Swachh Bharat

Modi’s toilet-building mission gets off to a very slow start

The government has so far been able to assist just 10% of the rural households without toilets. It has four years to help the remaining 99 million households.

Of more than 110 million rural households without toilets across India in 2012, the government has been able to assist 11 million households in building toilets. That means, nearly 99 million households need toilets over the next four years, if the government is to meet the target set by the Swacch Bharat Abhiyan (Clean India Campaign) by October 2, 2019.

It also means the government will need to set aside lots more money. About 88% of the Rs 25,885 crore ($4 billion) that Delhi set aside over the last 15 years for various sanitation campaigns has been spent. The Swachh Bharat Abhiyan, launched on October 2, 2014 by Prime Minister Narendra Modi, is the latest such campaign, aimed at ensuring an open-defecation-free India by October 2, 2019.

More than 595 million Indians were defecating in the open in 2014, according to data released by UNICEF.

The Atal Bihari Vajpayee’s government launched India’s first official, nationwide sanitation programme, the Total Sanitation Campaign  in 1999.

This was later changed to Nirmal Bharat Abhiyan in October 2012.



The government now plans a legislation that allows the local governments to punish people who are found spitting, urinating and throwing garbage, thus hoping to provide legal teeth to the Swachh Bharat Abhiyan, which hopes to provide all rural households with toilets and kickstart solid- and liquid-waste management in gram panchayats (village councils).


Source: Swachh Bharat Abhiyan


About 88% (Rs 22,918 crore) of Rs 25,885 crore allocated/released have been spent on sanitation till now.

The worst year was 1999-2001, the year Atal Bihari Vajpayee was the prime minister and no projects were executed during this time period: No money was spent, although Rs 156 crore was released. The high point, if you can say that, was 2014-15 when the spending skyrocketed to 123% of the allocation of Rs 3,569 crore: Rs 4,380 crore was spent.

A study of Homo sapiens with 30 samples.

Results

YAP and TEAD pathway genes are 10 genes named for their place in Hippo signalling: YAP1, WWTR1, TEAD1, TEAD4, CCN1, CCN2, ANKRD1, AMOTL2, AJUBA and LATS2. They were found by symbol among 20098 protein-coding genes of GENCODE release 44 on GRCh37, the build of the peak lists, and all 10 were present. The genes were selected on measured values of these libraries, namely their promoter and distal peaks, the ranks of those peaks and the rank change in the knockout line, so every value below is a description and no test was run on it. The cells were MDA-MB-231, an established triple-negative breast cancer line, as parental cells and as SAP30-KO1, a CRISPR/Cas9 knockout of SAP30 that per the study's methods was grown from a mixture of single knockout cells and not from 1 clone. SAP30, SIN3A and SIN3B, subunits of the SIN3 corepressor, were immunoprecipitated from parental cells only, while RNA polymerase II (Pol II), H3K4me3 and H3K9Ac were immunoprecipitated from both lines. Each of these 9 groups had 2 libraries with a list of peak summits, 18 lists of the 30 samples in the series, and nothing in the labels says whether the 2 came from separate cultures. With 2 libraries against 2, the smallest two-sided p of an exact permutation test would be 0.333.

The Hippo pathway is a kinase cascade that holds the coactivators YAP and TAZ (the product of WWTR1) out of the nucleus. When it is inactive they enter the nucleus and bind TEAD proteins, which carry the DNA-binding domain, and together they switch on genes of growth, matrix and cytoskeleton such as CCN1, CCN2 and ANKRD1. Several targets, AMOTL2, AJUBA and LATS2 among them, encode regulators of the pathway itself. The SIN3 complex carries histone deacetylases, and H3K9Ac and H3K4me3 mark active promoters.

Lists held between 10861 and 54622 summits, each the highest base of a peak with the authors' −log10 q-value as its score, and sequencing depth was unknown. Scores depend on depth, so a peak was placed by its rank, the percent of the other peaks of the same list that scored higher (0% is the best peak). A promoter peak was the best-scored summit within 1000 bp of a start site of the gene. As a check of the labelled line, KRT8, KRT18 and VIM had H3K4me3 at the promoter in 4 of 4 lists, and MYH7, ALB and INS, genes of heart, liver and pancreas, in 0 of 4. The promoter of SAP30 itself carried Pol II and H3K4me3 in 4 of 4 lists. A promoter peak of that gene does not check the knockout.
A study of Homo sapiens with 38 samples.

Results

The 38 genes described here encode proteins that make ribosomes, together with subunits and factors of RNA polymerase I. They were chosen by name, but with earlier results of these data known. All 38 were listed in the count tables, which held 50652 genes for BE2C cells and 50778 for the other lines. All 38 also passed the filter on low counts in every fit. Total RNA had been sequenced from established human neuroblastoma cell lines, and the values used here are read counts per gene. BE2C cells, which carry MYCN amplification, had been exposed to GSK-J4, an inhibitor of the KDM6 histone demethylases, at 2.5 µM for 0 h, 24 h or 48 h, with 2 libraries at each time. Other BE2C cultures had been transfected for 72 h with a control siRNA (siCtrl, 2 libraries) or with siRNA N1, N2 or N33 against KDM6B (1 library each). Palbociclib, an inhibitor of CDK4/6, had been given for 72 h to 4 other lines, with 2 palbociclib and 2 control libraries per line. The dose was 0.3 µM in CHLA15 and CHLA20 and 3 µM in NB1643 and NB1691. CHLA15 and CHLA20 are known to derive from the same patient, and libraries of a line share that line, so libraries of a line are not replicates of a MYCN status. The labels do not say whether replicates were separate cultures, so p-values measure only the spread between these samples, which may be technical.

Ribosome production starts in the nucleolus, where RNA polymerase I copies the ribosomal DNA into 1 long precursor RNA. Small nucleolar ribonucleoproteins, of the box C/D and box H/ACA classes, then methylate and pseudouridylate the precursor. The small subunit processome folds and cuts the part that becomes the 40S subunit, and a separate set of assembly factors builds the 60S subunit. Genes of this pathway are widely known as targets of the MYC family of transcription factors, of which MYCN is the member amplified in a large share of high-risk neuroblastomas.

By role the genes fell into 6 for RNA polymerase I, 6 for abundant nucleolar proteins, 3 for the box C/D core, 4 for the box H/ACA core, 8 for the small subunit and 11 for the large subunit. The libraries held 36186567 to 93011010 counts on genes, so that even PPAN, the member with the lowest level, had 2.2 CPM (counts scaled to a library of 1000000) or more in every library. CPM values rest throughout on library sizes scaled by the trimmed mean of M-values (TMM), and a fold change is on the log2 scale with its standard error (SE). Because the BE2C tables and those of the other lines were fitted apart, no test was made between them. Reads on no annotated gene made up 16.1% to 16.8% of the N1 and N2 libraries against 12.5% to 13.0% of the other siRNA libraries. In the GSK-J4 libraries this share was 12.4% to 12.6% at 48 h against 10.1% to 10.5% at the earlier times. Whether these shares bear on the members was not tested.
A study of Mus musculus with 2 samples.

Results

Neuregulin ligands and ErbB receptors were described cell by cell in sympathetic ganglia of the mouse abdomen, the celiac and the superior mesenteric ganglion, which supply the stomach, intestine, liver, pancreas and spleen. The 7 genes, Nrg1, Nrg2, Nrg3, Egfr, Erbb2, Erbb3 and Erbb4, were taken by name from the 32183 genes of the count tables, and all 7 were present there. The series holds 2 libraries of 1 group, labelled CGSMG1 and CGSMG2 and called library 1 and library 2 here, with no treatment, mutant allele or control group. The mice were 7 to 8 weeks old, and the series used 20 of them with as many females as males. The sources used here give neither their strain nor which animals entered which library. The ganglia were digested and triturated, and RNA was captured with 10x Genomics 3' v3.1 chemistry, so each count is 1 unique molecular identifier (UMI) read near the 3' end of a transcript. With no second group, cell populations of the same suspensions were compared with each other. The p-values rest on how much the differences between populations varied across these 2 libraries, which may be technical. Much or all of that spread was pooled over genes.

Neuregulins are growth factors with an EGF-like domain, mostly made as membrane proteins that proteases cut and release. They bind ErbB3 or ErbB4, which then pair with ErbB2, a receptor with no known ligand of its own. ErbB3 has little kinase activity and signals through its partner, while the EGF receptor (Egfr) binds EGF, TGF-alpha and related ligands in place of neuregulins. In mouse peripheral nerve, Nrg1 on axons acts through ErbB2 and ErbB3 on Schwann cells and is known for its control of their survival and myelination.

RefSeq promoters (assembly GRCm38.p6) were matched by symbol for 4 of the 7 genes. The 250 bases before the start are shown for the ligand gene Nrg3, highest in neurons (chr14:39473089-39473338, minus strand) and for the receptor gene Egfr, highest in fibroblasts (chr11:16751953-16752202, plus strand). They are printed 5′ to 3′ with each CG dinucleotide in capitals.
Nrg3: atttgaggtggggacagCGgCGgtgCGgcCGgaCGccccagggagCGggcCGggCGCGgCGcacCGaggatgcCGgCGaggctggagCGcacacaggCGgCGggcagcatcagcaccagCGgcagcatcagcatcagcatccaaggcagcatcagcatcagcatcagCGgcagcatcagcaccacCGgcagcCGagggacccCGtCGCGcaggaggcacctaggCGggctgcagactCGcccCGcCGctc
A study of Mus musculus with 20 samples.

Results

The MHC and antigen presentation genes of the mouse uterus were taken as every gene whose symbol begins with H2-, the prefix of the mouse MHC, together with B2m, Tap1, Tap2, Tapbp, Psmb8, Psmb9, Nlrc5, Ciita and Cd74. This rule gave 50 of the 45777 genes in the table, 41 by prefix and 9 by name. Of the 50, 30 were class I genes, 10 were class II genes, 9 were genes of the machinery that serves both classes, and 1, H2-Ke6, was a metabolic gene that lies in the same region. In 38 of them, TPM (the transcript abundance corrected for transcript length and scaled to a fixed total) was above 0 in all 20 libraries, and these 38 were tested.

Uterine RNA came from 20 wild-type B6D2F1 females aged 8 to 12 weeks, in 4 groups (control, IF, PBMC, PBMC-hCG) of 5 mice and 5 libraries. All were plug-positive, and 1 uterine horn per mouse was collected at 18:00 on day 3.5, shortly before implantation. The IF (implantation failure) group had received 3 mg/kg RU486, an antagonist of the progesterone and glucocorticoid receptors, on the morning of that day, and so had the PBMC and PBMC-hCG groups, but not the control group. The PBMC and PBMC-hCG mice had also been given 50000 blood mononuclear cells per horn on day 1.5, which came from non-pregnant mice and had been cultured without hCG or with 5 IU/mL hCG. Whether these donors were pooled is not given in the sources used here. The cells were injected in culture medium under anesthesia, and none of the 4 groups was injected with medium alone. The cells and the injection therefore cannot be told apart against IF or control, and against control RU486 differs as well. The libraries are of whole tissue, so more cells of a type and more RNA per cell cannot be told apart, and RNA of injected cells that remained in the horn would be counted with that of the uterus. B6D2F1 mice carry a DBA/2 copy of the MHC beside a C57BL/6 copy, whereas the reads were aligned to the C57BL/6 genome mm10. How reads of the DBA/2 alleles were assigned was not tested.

Source: Swachh Bharat Abhiyan


With nearly 99 million households still needed by 2019, India will need to maintain the toilet-building pace and make money available.

Under Swachh Bharat Abhiyan, Rs 2 lakh is provided to schools or panchayats for the construction of community sanitary complexes. The incentive for the construction of individual household latrines has been raised from Rs 10,000 to Rs 12,000, with Rs 9,000  to be paid by Delhi and Rs 3,000 by the states.

Let us look at how the states fare:


Source: Swachh Bharat Abhiyan


West Bengal has used almost 92% of available funds, followed by Odisha with 45%. Since the planning of the scheme now depends on the states, clearing projects takes longer.

Most of the Swacch Bharat money was spent on household toilets, followed by toilets in schools.

Dubious data: Nagaland spends 1,839% of money, Gujarat 227%

The data on states’ share of spending on toilets is unclear. In some cases, such as Nagaland and Gujarat, the data reveal a fund utilisation of 1,839% and 227%, respectively.


Source: Swachh Bharat Abhiyan


West Bengal has seemingly exceeded its mission objectives with the number of toilets built being 8% more than its target. Gujarat has met 94% of its target, while Jharkhand has achieved 49.5%.

IndiaSpend had earlier reported how Jammu and Kashmir did not use 96% of the money granted for the scheme and was 86% short of the 2014-15 target for household latrines.

This article was originally published on IndiaSpend.com, a data-driven and public-interest journalism non-profit.